My wife and I have a plant in the house that sits a couple of feet away from a large window. It has grown significantly and looks great, but the one issue we have with it is its tendency to grow to one side.
As it sits in the same position day after day, it slowly and imperceptibly grows toward the window, and it isn’t until weeks later that we notice that the plant is crooked.
If we turn the plant frequently, so that one side of the plant is only occasionally facing the window, we’ll likely never see the plant grow crooked.
As humans, we are a lot like that plant in the sense that we aren’t impacted much by what we’re only occasionally exposed to. Rather, we are mostly impacted by what we are most often exposed to. Whatever we habitually do is what affects us the most.
That said, my question to you for this column is, what kinds of eating and exercise habits do you have? Do your daily habits align with whatever your health-related goal is?
Whether you desire to lose fat, avoid disease or just feel healthier, it is very important that you honestly ask yourself these questions.
Say, for example, that your goal is to lose extra body fat. A common complaint that people have is that regardless of how dedicated they are to reducing calories, they still cannot seem to be successful at losing the weight. Again, in instances like this, it is important that you take honest inventory of whatever your daily habits are, as they will almost definitely point you to whatever obstacle is holding you back from your goal.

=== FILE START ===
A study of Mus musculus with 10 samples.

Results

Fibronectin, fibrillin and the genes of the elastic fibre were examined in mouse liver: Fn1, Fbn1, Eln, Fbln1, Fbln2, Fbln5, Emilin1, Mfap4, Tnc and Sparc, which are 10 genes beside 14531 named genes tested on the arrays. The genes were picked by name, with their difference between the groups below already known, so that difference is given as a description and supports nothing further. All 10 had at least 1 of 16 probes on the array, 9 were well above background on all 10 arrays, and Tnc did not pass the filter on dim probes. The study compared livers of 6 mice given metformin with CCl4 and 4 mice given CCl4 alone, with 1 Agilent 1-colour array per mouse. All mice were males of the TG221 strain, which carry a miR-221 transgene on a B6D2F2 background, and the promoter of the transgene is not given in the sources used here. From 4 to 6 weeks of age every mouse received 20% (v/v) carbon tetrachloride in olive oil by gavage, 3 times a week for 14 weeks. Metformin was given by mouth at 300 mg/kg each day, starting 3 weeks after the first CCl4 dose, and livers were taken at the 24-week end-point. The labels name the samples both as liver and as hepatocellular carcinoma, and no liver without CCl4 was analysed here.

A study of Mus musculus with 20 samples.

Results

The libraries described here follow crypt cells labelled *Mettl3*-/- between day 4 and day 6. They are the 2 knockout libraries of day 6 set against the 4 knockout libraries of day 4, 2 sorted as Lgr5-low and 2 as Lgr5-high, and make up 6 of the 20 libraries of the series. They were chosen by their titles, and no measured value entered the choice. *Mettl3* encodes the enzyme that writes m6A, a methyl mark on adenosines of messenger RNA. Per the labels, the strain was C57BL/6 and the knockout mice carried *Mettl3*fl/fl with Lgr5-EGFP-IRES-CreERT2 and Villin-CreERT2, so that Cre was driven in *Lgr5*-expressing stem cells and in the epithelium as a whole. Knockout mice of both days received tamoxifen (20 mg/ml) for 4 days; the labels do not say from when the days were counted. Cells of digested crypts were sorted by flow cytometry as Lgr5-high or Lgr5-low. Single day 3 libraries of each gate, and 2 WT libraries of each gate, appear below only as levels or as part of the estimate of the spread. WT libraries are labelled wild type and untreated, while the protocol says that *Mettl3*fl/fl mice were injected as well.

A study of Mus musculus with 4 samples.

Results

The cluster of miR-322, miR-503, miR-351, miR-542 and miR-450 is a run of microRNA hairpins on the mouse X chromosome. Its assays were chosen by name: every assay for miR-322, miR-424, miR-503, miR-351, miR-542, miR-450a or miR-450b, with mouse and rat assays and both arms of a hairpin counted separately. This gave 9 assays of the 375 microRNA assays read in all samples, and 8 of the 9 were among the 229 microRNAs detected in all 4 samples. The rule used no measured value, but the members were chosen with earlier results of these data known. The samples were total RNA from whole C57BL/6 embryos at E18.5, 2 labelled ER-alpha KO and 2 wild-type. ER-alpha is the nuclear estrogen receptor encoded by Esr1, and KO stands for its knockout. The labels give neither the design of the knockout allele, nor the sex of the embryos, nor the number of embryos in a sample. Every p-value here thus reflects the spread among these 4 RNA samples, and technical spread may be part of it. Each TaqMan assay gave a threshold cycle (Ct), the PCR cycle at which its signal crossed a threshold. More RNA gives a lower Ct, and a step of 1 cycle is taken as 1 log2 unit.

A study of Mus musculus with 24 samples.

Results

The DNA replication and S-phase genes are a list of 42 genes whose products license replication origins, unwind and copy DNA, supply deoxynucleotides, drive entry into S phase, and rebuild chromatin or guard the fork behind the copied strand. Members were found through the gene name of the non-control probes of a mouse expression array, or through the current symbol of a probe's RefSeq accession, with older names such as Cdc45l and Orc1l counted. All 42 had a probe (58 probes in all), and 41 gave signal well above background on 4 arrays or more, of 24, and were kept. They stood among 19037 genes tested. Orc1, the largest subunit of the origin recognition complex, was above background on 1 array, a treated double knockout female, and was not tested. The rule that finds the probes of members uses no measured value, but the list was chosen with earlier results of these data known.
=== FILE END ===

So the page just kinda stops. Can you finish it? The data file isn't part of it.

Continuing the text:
To continue with the fat loss example, common habits that prevent people from losing fat include:
Drinking coffee (sweetened), soda or artificially sweetened beverages all day: Beverages are perhaps the biggest culprit when it comes to holding onto extra weight. And you’re not home free with artificially sweetened drinks, because recent studies have shown that artificial sweeteners have a similar effect on insulin in the body as sugar does.
Skipping meals: I’ve talked with many people who have expressed with bewilderment that they only eat one meal a day, so they’re confused as to why they cannot break weight loss plateaus. While it is true that consuming less calories helps you lose weight, there is a point where your body’s survival mechanisms kick in. When you eat just one big meal a day, your body may store more of those calories to protect itself from perceived famine.
Eating processed “health” food instead of focusing on fresh fruits and vegetables: Fresh vegetables and fruits are better than processed foods for weight loss. They’re naturally low in calories, and they’re pure, so your body already knows to do with them. Processed foods, on the other hand, may be low in calories, sugar and so on, but they’re often filled with stuff that makes your blood sugar spike; therefore, you keep the fat.
This is my encouragement to you today: If you find yourself consistently failing to reach health-related goals, take careful stock of all of your habits. Scrutinize everything.
Just like my plant, chances are that there is something you’re habitually exposing yourself to that is holding you back.
Shawn McClendon is an ACE certified personal trainer and owner of the health/fitness blog www.YourHealthAtTheCrossroads.com. Contact him at firstname.lastname@example.org.